Resilience came top of the organisation’s annual list of trends this year, well ahead of flexible shipping, fulfilment options and the proactive use of digital supply chains, noted Peter Bolstorff, executive vice-president corporate development.

Every year the ASCM polls the members of its innovation & strategy committee and 114 corporate advisers to compile a list of sub-trends, which are then consolidated into 30 trends to identify the top 10.

After resilience come the following: early introduction of a supply chain career path to hire and retain talent; 3D printing to alleviate strain on supply chains; accelerated use of analytics and automation; cybersecurity as a prerequisite for survival; increased use of IoT, due to reliability and low cost; challenges of corporate citizenship; and adjusting to changing demographics as consumer and talent pools continue to evolve.

Six of the top 10 trends have risen in prominence from a year ago, while three – IoT, 3D printing and corporate citizenship – have slipped, Mr Bolstorff noted.

The top ranking of supply chain resilience confirmed a risk committee study the ASCM produced in June.

ASCM identified two major domains for resilience – operational and strategic. Central to the former is the ability to bounce back and recover from supply or demand shocks and other disruptions, while the strategic element covers the ability to bounce forward and adapt to a new normal.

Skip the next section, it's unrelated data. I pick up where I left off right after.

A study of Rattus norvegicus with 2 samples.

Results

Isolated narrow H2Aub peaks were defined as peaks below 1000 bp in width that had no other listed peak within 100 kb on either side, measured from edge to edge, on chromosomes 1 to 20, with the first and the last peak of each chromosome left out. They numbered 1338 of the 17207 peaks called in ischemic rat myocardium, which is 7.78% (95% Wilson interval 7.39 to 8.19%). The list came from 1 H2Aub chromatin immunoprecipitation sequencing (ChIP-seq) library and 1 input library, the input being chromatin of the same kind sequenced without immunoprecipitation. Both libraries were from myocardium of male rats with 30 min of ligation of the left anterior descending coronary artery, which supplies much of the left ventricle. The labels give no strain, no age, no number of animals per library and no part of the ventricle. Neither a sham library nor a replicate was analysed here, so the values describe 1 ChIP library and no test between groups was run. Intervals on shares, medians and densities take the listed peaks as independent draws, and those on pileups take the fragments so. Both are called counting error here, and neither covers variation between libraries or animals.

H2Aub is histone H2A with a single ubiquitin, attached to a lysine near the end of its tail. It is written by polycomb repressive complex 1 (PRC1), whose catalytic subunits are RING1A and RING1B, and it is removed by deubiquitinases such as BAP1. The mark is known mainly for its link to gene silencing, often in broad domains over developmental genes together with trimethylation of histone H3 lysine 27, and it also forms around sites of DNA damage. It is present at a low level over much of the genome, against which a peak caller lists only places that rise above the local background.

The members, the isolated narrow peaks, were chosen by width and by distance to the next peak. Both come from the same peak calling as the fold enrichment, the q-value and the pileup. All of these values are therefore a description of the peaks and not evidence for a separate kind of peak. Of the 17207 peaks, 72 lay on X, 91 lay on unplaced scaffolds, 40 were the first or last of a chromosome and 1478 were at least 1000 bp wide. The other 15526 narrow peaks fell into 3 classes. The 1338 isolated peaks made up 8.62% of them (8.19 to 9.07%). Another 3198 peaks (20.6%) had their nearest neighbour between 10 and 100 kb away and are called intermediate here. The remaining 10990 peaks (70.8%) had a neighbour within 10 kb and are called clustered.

One of the features of a resilient supply chain is its capability to sense demand shifts at an early stage, Mr Bolstorff said. Whereas the Covid-19 pandemic appeared on many radars as late as February, the earliest sensing of a problem was registered back in November.

“Those who sensed this earlier were deploying artificial intelligence,” he said.

A resilient supply chain can balance demand and supply better, which can result in higher factory utilisation; it can minimise service and cost impact on customers, and it supports a shift to a more circular business model, he said.

Critical elements in the resilience strategy are supply chain stress testing and transparency. For the latter, it is important to have the same visibility at different ends of the chain and to be able to communicate back to tier-one suppliers, Mr Bolstorff noted.

Not surprisingly, digitisation, which is inextricably linked to supply chain visibility, also ranked high on the ASCM trend list. But while not all companies have yet taken the plunge to digitise their supply chain, everybody has some sort of digital transformation road map by now, Mr Bolstorff said.

“We know supply chain-excellent companies grow faster and more profitably than their competitors,” he added. “They are accelerating this combination of trends to distance themselves from competitors and get through a recession faster.”

Companies that invested in these areas some 18-24 months ago have been able to leverage at least some of these in recent months.

“They are now working on implementing things five-to-10 times faster,” Mr Bolstorff said.

The rest of the field is made up of two camps: those who think the supply chain is not strategic for their survival (“good luck to them,” Mr Bolstorff commented); and those who have woken up in the pandemic and are now trying to catch up.

For the most part, the efforts in the latter group focus chiefly on the full utilisation of the tools they already have in place, but so far have only leveraged to a small degree before they go on to cherry-pick other solutions to supplement these, he said.